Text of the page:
Saturday, 23 April 2011

Nepotism, Jesus and Chips

When it finally became legal to register a Civil Partnership over here I posted (see Game Over for Manx Christian Homophobes) on the hypocritical behaviour of churches and faith-based pseudo-charities. Having blocked progress by every petty-minded, vindictive method open to them (and having so many government friends, they also had many chances to do so), one such outfit then tried to jump on the Bill as a handy method to advertise minimal toe-dipping into 21st century waters.
As I remarked at the time, these chancers are so dim they think just dropping the words ‘Church’ or ‘Christian’ from their working titles will fool the Manx public. Anyone who ever had dealings with such noddies knows better.
But they still peddle the myth that government outsourced social services are not under the thumb of spook-fancying ignoramuses, and that careers with the same do not depend on the approval of blokes who wear their collars backwards.
Oh, really?
Take a look at .
Maybe you can work out why a theologian is such an obvious choice to get the community handing over their spare change to one of the island’s worst obstacles to family life, and an absolute health hazard for all kids and responsible parents.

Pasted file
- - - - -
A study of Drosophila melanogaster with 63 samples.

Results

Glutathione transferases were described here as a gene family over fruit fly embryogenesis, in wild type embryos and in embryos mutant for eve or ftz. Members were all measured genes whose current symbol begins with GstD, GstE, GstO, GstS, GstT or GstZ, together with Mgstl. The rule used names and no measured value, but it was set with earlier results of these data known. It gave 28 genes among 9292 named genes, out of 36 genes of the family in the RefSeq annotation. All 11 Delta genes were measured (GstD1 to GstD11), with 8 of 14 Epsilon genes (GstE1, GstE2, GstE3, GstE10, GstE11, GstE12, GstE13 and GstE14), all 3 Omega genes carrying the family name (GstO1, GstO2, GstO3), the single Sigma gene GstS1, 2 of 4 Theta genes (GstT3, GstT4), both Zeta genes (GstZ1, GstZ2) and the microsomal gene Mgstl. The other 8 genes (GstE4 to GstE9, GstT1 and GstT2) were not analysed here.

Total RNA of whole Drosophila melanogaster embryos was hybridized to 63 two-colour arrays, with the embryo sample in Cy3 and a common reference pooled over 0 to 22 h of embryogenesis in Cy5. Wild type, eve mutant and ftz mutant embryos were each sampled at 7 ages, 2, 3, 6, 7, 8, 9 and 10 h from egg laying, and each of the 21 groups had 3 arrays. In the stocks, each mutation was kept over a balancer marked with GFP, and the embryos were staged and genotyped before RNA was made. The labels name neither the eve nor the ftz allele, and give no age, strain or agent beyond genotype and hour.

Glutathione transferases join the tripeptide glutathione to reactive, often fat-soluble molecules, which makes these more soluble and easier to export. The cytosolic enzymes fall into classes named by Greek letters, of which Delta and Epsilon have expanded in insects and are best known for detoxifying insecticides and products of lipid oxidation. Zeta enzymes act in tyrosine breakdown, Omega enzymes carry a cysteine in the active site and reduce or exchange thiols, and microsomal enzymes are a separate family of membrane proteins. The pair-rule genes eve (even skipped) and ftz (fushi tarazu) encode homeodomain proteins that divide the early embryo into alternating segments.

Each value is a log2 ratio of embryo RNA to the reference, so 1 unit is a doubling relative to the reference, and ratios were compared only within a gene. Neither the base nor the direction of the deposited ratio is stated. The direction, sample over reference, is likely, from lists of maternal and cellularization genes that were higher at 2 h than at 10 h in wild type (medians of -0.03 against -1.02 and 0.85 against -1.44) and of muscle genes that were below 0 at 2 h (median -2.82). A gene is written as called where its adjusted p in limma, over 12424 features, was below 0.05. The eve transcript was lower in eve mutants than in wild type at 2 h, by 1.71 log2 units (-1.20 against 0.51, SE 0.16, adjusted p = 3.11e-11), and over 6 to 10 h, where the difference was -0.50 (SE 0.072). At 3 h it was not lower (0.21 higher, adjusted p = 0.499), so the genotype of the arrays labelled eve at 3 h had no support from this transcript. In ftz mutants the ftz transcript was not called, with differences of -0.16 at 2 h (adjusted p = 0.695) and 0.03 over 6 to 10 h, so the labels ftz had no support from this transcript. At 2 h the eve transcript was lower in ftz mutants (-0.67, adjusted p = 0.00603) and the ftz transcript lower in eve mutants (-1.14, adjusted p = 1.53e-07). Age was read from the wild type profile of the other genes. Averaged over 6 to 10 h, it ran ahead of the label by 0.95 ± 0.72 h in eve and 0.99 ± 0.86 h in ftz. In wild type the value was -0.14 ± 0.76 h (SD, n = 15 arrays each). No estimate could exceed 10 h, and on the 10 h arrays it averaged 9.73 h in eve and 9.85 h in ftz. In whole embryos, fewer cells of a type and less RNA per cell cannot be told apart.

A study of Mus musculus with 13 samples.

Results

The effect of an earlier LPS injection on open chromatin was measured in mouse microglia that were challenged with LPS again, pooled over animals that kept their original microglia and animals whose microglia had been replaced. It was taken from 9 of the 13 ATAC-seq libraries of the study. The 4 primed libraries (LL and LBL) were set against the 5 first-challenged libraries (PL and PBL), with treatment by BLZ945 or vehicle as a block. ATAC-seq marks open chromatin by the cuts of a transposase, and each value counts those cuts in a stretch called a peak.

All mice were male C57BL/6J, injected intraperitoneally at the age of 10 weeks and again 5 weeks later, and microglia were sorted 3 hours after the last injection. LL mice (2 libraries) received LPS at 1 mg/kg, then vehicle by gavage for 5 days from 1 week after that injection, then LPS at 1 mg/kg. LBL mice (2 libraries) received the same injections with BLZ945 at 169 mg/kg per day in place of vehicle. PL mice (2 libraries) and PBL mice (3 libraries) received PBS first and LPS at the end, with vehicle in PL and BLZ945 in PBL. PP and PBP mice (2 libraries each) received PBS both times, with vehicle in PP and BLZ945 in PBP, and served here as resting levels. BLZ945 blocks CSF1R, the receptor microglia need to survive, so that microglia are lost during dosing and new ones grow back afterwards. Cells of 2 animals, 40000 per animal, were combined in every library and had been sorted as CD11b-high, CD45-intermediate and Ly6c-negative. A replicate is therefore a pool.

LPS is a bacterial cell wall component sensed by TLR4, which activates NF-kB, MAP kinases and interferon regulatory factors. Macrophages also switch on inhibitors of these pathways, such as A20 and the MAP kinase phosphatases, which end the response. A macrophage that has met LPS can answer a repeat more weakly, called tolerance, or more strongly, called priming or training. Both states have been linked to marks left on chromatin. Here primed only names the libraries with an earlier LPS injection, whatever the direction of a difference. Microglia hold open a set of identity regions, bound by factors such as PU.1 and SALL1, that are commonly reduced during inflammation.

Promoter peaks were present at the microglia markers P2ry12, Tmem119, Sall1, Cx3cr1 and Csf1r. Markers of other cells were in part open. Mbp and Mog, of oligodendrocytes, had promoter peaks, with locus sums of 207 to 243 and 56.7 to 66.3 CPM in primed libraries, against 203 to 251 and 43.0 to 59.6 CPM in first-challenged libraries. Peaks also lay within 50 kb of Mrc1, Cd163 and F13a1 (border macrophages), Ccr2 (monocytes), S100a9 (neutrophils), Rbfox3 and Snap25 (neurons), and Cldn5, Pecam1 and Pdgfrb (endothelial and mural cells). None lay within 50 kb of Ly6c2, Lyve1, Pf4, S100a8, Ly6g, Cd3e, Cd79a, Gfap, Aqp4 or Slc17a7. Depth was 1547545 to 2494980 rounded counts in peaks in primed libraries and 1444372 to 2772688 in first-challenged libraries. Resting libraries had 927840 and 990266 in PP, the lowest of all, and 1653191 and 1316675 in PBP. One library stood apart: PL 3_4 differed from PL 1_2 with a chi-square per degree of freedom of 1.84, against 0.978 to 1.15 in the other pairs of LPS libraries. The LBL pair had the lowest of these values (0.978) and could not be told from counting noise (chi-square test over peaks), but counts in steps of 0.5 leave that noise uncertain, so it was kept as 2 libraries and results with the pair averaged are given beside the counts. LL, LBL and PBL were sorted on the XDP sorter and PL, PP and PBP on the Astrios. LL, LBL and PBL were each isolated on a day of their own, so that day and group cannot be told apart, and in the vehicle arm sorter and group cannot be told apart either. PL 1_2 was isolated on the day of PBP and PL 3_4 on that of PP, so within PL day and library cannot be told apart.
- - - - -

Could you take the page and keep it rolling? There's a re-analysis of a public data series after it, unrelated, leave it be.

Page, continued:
Maybe it was not straightforward nepotism, which would be a nice change for a governmental or quasi-governmental post. Perhaps she just had a helpful reference from a former employer, Frank Cranmer (see ), whose name may be familiar to anyone who browses religious right blogs for a good laugh.
Funnily enough, Central Lobby Consultants probably would not be flavour of the month with local nanny staters either - at least if they were vaguely acquainted with the real world and capable of some basic research. SpinWatch, the outfit that keeps a jaundiced eye on dodgy PR firms, has a basic item on CLC at , which is part of their Foodspin project (see ) on front organisations for the junk-food industry.
Religion, well placed family help and junk-food. That's quite a lethal combination.